Published:Tuesday | January 14, 2014 | 12:00 AM
Vendors organise themselves along the sidewalk north of St William Grant Park, downtown Kingston. - Photos by Norman Grindley/Chief Photographer
Newton James


After living and studying for years in London, England, and visiting or working in several other cities around the world, Newton James knows well what an ordered and exciting city should look like.

The trained broadcast engineer and business leader has taken the radio stations that he leads, Power 106FM and Music 99FM, from their uptown home to North Street in the heart of downtown Kingston and he has clear ideas of what he wants that city to look like.

"I would like to see downtown Kingston being the business centre for Jamaica. I would like to see it as a major tourist destination," James told The Gleaner.

"And I would like to see a downtown Kingston that doesn't sleep. A downtown Kingston where there is night life and the streets are busy just like in any other First World city," added James.

He said moving the two stations, which are operated by Independent Radio Company Limited, to downtown Kingston has been nostalgic, with memories of his time in the area in the 1960s.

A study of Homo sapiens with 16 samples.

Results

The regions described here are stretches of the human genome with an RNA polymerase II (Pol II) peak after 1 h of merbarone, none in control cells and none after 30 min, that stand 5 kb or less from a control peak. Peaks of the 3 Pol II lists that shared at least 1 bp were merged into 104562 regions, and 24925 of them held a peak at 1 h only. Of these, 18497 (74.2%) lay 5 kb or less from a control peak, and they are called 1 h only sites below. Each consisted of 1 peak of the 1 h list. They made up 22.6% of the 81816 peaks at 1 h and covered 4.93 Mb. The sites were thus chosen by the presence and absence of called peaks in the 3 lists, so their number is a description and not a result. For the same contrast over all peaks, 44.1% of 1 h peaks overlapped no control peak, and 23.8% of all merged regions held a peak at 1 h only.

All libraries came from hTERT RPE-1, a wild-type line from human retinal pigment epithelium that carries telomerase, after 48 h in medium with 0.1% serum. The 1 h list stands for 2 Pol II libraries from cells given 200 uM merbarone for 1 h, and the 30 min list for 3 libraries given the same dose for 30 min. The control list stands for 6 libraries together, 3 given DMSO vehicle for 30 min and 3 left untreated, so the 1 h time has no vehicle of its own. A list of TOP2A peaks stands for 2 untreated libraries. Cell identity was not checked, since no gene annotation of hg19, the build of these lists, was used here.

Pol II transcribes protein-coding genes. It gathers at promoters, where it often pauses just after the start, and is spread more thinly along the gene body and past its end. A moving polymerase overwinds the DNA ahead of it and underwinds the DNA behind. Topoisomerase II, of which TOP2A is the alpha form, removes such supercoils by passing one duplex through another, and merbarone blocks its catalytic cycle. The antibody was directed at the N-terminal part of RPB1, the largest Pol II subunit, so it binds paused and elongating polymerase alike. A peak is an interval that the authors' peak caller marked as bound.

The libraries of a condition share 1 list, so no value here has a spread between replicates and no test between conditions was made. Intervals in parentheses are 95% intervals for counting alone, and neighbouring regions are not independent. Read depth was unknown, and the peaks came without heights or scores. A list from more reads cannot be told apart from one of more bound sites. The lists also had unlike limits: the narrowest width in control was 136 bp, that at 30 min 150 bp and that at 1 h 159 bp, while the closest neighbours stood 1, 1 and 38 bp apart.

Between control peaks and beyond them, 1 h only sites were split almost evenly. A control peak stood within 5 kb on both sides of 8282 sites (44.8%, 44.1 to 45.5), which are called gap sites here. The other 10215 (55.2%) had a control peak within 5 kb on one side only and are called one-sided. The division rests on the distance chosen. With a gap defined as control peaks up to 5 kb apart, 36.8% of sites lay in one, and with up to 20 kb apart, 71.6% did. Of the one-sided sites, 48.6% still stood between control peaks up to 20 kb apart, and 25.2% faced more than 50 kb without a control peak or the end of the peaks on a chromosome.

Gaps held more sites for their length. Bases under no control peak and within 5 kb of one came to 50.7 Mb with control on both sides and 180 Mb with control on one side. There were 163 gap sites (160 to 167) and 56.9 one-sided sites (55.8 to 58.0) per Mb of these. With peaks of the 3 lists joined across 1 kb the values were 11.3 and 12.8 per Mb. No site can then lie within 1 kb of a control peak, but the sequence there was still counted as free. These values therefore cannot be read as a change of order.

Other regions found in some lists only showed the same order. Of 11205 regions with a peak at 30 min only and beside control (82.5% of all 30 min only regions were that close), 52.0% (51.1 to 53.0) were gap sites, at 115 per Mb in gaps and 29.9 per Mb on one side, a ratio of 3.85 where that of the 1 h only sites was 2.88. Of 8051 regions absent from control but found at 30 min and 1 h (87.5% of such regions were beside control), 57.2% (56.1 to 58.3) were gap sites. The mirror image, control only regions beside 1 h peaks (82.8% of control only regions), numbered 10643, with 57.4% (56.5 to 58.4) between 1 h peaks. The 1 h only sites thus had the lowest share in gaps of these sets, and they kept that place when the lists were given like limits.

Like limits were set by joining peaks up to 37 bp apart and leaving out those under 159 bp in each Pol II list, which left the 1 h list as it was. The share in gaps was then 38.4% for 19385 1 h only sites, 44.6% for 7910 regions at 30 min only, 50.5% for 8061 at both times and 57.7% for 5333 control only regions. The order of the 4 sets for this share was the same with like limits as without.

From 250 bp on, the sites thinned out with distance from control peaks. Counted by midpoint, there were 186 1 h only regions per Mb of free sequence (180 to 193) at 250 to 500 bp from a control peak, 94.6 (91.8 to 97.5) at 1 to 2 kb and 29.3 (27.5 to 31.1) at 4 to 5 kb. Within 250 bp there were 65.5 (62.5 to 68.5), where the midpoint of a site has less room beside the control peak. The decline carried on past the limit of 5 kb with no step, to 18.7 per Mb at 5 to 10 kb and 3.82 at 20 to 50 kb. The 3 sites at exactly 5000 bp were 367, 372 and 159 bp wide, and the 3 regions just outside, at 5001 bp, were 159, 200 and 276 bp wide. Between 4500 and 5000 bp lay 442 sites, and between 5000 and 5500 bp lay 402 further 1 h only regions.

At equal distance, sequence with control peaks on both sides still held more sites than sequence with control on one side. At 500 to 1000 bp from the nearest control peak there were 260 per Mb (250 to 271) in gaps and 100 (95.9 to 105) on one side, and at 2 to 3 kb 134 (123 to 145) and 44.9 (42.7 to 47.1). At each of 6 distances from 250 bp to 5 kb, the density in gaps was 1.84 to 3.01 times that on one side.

"I thought, 'How good it would be for us to start an effort to seek to restore the city of Kingston to its former glory'," said James.

enormous importance

The business leader argued that with Kingston being the capital of Jamaica, the downtown area of the capital city should be a major tourist attraction.

He noted that downtown Kingston has an enormous number of important institutions and applauded those who have been leading the efforts to restore the city.

It is an effort that James has vowed to be involved in, with a special eye on the vendors in the city.

"I would like to see the creation of adequate space for our vendors. In fact, I have learnt, since I have been here, a lot about the vending community and how creative these vendors are.

"In the process of restoring Kingston, we perhaps need to rebrand our vendors, calling them 'city entrepreneurs', because they are really serious entrepreneurs," said James.

He noted the importance of well-established flea markets in the major cities around the world and argued that a similar facility should be in downtown Kingston where top-quality products could be had at bargain prices.

"We have to note that vending is an area that provides an opportunity for persons out of work and creates an opportunity for them to survive."